What you Should Know about the Strength of USDMay 22, 2018
The US dollar has been on an unstoppable run since the start of the second quarter.
In fact, it just rallied to a five-month high after the U.S. and China called a truce over trade tariffs, prompting investors to cut back on their short positions on the dollar, and on news that an improving U.S. economy could bolster the Federal Reserve’s tightening stance.
As a matter of fact, many analysts believe the dollar will continue to rally with the central bank expected to raise interest rates two more times this year, and another three times in 2019.
And while that’s great news for dollar bulls, it’s not welcomed news for corporate America.
It wasn’t long ago that Nike, Costco and FedEx were crediting a weaker dollar for boosting their earnings because it made their products less expensive in foreign markets. Companies can report higher revenue from overseas numbers whey they translate international sales back into dollars.
Unfortunately, a stronger dollar could now toss cold water on those profits.
For example, Apple recently noted that a stronger dollar could hurt its profits.
“Because about two-thirds of our company is outside the United States, a weak dollar is a positive for our gross margins,” said Apple chief financial officer Luca Maestri, as quoted by CNN. “A strong dollar, as it’s been during the last four years, has been a bit of a headwind.”
Royal Caribbean announced that the dollar’s rebound ate into its most recent profits, too.
In short, there’s now growing concern that a stronger dollar could derail earnings growth.
But while a stronger dollar can negative for larger cap stocks, like Apple, a stronger dollar is also forcing investors back into small cap stocks for safety. We have to consider that small-caps are more levered to the domestic economy than larger companies are.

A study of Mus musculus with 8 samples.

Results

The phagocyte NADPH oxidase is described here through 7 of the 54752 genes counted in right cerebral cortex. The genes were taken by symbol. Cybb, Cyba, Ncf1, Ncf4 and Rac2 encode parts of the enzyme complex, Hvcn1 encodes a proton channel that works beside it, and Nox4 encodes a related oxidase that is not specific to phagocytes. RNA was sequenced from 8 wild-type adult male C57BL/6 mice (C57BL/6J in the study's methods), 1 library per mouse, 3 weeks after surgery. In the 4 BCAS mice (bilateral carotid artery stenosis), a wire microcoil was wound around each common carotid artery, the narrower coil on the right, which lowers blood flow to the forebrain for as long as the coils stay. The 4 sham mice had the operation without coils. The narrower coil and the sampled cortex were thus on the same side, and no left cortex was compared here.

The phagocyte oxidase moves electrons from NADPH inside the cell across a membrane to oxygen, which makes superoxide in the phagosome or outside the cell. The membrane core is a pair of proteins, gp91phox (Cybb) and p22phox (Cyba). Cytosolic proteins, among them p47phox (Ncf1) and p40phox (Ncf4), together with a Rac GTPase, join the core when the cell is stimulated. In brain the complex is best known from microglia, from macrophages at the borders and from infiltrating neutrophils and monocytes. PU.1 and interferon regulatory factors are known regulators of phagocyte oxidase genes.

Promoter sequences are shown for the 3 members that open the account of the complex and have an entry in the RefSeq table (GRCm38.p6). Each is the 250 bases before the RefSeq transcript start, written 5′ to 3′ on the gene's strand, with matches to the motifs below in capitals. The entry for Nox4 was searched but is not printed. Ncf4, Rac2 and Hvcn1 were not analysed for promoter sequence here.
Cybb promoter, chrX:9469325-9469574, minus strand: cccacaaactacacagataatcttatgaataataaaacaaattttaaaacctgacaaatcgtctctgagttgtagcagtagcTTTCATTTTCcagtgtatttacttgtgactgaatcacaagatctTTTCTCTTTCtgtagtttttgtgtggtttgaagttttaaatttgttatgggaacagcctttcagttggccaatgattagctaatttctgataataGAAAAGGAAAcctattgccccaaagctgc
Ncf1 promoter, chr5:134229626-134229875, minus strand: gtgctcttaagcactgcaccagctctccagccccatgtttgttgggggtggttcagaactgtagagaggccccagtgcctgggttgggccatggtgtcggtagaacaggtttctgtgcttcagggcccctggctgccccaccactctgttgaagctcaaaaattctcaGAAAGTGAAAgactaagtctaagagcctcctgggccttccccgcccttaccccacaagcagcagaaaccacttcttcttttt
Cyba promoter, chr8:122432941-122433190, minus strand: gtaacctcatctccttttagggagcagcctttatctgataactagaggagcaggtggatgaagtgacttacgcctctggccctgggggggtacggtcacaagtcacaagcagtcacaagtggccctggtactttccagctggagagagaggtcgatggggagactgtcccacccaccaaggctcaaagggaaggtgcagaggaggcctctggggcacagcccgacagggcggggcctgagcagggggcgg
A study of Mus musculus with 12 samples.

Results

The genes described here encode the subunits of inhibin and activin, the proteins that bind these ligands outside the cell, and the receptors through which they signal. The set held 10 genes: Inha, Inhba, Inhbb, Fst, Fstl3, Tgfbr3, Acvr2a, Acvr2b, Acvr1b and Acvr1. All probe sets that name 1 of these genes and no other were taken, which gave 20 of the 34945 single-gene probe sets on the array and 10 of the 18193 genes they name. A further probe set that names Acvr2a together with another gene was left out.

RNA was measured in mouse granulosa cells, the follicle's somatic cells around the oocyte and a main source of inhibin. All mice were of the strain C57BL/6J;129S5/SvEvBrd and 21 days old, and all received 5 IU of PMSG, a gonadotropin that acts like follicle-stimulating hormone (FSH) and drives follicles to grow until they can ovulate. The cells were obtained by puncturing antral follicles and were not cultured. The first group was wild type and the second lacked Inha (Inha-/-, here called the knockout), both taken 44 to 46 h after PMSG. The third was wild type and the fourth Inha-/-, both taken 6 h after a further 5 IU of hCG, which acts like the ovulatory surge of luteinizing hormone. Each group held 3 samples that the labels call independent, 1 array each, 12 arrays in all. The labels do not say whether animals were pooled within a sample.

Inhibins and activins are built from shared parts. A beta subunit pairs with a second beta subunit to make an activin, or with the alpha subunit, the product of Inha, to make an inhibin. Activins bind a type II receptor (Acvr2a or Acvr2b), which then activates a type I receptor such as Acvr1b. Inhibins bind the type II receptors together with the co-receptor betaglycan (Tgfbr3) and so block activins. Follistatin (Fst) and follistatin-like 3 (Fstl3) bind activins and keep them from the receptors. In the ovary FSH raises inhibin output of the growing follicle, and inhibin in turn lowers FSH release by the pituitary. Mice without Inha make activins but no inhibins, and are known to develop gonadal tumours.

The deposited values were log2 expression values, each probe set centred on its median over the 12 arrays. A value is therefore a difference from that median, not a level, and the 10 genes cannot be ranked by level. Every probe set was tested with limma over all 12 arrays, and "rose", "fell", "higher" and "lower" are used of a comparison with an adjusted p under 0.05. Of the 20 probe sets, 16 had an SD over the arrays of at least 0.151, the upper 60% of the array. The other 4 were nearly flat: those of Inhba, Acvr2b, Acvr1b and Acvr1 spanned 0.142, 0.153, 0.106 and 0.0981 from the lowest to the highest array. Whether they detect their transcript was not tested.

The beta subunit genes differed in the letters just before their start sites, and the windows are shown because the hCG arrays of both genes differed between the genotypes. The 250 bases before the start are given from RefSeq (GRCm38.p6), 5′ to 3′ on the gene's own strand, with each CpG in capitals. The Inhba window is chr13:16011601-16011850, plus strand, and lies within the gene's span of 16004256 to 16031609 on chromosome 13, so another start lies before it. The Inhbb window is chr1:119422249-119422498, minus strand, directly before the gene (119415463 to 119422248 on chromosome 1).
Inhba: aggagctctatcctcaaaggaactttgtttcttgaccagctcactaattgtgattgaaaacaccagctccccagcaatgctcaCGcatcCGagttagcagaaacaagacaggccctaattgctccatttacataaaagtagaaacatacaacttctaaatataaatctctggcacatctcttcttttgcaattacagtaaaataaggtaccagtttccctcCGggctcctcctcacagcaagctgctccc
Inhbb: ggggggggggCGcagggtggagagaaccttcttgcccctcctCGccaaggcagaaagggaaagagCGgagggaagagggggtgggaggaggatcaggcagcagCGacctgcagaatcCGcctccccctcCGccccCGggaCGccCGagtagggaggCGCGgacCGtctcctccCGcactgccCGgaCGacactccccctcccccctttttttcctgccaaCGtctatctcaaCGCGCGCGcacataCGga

Small companies are more likely to sell products domestically, insulating them from the loss of competitiveness and currency translation impact of a stronger dollar, as noted by Perritt Capital Management. When the dollar is strong, multi-national corporations lose a competitive advantage, as foreign buyers see U.S. goods as more expensive than non-U.S. goods.
Perritt Capital Management also noted that:
During periods of dollar increases of 15% or more, Small-Caps, as represented by the Russell 2000 Index, has achieved an annual total return of 13.2% versus 10.3% for the S&P 500, which represents Large-Cap stocks. On the flip side, when the dollar was weak, Small-Cap stocks compounded at 9.5% compared to the S&P 500’s return of 11.1%.
So while there are negatives with a strong dollar, there are plenty of positives, especially for small cap stocks that have stage quite a rally in the last few months.